As a hiring manager, I will say that when we switched tech and started hiring for work that would involve Clojure, we saw a big improvement in the quality of candidates. I think Clojure is somewhat self-selecting for folks who are "above average" in various different (useful) ways.



and I'm using "quotes" here because those are deliberately vague and hand-wavy terms


> I think this is true for any niche tech that is "hard" in various ways. I agree with this. It's worth remembering that even JAVA was rad once upon a time. One of the surest ways to lower the signal to noise ratio is to find a few hundred million dollars and allocate it to hyping the daylights out of your tech. Given the history of Lisps, I very much doubt that will happen for Clojure. But then again, Clojure-using companies are IPO-ing. I look forward to the future of global Lisp domination.


I started with Java in 1996 when I was a COBOL programmer.... Java was definitely rad (altho I don't think the word rad was!)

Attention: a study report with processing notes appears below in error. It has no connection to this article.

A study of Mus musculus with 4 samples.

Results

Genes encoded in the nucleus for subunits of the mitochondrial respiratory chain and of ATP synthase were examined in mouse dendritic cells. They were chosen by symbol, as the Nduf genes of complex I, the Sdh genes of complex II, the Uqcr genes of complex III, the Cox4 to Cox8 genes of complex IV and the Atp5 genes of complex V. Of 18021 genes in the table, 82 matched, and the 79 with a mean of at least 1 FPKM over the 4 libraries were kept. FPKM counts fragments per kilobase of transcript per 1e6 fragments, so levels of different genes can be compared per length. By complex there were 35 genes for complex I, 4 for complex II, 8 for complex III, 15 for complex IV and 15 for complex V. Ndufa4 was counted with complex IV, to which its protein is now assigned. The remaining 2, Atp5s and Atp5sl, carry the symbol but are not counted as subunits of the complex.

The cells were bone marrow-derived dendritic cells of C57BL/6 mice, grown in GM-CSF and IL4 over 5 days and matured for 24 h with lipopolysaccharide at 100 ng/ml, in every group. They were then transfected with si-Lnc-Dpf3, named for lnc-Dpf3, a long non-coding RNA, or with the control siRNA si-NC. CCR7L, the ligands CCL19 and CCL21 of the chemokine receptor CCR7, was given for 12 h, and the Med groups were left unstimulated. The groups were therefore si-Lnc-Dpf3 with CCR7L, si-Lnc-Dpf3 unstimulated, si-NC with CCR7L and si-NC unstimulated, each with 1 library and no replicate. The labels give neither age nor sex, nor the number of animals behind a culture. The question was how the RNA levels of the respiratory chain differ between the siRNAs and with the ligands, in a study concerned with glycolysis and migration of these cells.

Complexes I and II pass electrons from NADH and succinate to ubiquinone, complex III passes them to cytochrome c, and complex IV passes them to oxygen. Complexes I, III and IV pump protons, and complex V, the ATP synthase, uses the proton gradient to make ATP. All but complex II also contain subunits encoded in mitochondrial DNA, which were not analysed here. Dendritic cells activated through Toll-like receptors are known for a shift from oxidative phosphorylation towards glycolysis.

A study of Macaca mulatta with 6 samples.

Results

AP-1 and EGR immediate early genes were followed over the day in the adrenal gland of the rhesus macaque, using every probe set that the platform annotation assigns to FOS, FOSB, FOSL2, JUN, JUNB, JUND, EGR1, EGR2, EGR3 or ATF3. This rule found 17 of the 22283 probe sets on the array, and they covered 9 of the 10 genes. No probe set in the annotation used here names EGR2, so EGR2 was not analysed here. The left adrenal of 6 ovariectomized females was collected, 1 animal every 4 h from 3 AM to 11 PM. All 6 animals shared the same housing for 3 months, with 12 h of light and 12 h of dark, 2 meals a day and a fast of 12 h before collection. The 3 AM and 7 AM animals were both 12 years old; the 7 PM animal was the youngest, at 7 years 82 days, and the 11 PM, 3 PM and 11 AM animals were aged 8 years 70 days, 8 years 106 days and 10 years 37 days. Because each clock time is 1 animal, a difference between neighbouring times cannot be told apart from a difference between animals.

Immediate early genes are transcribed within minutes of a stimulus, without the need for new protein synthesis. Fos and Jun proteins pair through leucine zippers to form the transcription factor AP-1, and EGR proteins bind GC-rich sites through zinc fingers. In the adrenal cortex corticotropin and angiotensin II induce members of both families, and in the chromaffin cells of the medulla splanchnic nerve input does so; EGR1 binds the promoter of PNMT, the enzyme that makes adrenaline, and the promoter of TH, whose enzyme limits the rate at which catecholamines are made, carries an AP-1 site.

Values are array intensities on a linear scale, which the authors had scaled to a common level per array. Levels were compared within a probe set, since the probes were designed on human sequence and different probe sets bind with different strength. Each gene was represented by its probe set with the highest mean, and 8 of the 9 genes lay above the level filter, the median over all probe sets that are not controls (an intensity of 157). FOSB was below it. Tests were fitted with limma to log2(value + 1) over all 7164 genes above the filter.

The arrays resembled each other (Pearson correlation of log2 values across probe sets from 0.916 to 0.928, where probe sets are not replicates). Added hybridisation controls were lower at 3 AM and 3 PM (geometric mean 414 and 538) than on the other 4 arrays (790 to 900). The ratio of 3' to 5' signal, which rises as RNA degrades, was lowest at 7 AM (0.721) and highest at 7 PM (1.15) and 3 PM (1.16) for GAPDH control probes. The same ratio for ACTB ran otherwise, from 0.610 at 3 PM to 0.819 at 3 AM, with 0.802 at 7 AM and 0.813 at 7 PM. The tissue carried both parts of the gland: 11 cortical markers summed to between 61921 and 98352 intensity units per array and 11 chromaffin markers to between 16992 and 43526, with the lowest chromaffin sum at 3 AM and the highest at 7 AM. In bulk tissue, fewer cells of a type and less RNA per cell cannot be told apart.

Anytime people tech talks about functional it always seems to be Haskell/F#, about JVM it seems to be kotlin lately, and lisps people think CL/Racket. This might be a good thing, I’ve had job interest because people were interested in a job working in a functional language/jvm/lisp, and not specifically clj.


Yes, based on that I don't really get why it's not more popular. They bless Kotlin because it's 'functional' and 'immutable by default' but in practice it's often a big mess. And the things you need to do to alter one nested immutable thing to get another. With Clojure things like updating nested maps, while ensuring immutability, are peanuts.